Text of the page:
DURBAN - Al Pacino’s “Inches Speech” in the American football flick Any Given Sunday remains one of the great scenes in sports-themed films. It has been recreated in dressing-rooms all over the world and, occasionally, even in business.
As the Ram Slam T20 Challenge reaches the sharp end of the round-robin fixtures, the Dolphins’ current version of Pacino, Grant Morgan, has taken to that speech himself as he looks to guide his men into the semi-finals.
“A run here, a boundary or a wicket there, those are the inches we need,” Morgan deadpanned. “We dominate extended periods of the game and win small battles within the game, but then we lose a battle so big within the game, we can’t find that other run or that other yard,” Morgan said.
“If we add up all those small things, then I believe we will have enough to emerge victorious,” he added, leaving out the vein-popping “six inches in front of your face” bit that was crucial to Pacino in the flick.
Perhaps the Dolphins will get that version at some point this week, because the race for the last three places - to join the Titans - has got increasingly tighter. The Dolphins already know what it feels like to just miss out on the right result, having taken both the Warriors and the Lions to the very last ball.
All-rounder Rob Frylinck, who was in the heat of both those matches, refused to use a lack of match practice to explain away the defeats.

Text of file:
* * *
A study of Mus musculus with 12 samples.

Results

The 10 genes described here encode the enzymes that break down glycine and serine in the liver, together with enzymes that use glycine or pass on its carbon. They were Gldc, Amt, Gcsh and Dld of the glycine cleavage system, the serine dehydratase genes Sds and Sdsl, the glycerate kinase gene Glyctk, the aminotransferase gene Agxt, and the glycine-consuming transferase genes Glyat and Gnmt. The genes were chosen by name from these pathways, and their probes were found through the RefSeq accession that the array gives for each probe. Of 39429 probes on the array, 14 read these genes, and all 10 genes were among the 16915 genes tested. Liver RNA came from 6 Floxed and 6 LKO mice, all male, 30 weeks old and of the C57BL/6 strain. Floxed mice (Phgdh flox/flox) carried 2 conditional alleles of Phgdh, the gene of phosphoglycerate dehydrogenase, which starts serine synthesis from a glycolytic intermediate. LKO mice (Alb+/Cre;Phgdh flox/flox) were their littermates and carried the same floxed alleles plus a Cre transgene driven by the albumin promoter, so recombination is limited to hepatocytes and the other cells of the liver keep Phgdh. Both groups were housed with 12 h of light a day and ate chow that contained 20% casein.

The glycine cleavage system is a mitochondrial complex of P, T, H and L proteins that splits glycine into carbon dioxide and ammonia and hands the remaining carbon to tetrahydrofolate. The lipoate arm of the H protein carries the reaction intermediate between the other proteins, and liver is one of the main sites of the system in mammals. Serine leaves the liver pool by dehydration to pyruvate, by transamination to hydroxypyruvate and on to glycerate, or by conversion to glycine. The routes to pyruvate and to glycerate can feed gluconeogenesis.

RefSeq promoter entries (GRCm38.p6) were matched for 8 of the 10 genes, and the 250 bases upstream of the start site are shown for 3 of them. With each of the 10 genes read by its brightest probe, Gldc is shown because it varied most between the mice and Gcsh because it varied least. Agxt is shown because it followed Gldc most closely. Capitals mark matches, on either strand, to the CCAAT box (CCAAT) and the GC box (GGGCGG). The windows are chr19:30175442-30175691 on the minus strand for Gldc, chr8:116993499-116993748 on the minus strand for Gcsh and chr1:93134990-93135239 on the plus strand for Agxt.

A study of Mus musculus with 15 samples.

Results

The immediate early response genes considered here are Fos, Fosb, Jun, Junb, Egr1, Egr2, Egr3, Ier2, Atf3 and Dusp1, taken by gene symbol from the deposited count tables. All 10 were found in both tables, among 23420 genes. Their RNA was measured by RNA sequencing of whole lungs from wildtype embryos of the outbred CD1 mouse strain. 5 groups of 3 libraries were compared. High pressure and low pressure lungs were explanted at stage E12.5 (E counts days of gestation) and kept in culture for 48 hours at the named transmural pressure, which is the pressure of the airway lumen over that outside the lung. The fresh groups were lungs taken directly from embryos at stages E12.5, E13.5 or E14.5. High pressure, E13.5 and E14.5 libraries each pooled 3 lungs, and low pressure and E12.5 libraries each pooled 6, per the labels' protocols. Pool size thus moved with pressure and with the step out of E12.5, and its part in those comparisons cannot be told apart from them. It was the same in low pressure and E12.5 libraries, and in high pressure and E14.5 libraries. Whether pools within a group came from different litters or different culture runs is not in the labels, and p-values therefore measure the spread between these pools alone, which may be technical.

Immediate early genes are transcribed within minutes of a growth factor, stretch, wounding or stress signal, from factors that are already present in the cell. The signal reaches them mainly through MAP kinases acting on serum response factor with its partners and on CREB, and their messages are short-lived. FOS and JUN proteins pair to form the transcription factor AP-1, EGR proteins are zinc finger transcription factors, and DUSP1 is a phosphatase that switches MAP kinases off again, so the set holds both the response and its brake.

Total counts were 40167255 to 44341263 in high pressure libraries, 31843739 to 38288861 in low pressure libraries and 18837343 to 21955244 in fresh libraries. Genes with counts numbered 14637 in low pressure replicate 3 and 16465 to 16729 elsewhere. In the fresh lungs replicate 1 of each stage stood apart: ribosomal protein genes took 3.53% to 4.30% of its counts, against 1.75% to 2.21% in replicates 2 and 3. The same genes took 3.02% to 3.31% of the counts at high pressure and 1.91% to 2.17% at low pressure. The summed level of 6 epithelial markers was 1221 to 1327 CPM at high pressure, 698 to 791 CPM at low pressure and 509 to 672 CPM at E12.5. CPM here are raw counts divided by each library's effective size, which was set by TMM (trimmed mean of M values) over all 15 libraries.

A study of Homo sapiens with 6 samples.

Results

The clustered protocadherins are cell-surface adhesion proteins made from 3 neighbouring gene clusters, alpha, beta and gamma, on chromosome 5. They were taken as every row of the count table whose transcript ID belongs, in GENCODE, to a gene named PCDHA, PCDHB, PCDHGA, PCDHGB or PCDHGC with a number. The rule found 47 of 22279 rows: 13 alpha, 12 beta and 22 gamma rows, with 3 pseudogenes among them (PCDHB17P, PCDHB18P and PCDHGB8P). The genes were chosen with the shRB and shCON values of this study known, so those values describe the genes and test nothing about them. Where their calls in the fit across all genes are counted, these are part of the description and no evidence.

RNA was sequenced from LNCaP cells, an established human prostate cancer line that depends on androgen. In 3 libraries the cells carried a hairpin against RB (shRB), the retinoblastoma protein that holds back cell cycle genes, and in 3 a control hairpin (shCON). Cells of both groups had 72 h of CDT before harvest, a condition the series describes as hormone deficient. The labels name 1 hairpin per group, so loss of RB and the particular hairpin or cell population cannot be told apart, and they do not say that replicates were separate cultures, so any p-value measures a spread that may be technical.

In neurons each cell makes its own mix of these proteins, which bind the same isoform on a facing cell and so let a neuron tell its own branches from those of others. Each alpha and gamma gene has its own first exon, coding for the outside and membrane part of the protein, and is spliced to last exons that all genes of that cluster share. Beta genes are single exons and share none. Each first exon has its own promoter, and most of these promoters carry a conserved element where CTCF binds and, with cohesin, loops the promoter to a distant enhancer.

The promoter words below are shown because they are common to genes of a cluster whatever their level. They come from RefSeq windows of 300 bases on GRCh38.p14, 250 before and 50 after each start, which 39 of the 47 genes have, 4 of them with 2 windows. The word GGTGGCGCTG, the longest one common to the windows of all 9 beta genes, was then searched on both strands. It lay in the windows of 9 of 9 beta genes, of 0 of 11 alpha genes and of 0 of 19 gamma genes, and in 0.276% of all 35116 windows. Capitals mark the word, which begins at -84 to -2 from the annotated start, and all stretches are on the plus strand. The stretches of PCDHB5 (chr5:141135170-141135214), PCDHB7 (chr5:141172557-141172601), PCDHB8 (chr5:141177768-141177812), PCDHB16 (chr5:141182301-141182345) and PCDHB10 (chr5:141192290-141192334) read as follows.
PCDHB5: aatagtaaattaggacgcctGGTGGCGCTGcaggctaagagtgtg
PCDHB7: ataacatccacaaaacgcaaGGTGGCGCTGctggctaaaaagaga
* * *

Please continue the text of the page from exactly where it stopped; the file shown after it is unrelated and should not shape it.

“We’ve practised as hard as we can, so we are definitely ready for those situations. If I am honest, which I always am with the team, I have to say that we could have played those situations. Some of the shots we played to get out at those stages were soft, and the balls that went for boundaries were poor,” he said.
Frylinck admitted that the last-gasp defeat to the Warriors was frustrating, especially after they had bowled so well. He also held up his hand, saying that he felt he had set up the game to finish it at the end, but failed to do so.
“We were not clinical enough, because we should have won that game. When we walked off, and I was interviewed about the hat-trick, I said we were happy with chasing 150, because we really were. We just didn’t play well enough as a team, and I thought we should have finished that game before it got into the last over,” he said.
That all said, the Dolphins believe their best cricket is still ahead of them, and are banking on peaking when it matters most.
“I don’t care where we finish in the top four, as long as it is in the top four. We have lost one or two, but the Titans also still have to do that,” Frylinck pointed out.
“I would rather lose to them now in the prelim rounds, than in the semis or finals. We don’t mind having to go to Centurion and beat them there,” he said.
The Dolphins, whose first match with the stars of Pretoria was washed out, will see the Titans on Sunday. But, before that meeting of minds and wills, they have to stay in the hunt for the semis with a win over the Lions or the Knights.
Naturally, the miserable weather has closed in on Durban, and few hold much hope of a game on Wednesday night. Seemingly, it is now a policy to hope for the best, but prepare for the worst.
The Lions, who left a wet Gauteng hoping for sun by the sea, would hardly have been cheered up as they descended into a grim-looking King Shaka International Airport.
Coach Geoff Toyana reckons just one win may prove enough for a team in the chasing pack, but you can’t win if you don’t get on the park - as the Dolphins have learnt over the past few weeks.
If play does materialise at Kingsmead, it is scheduled to start at 6pm.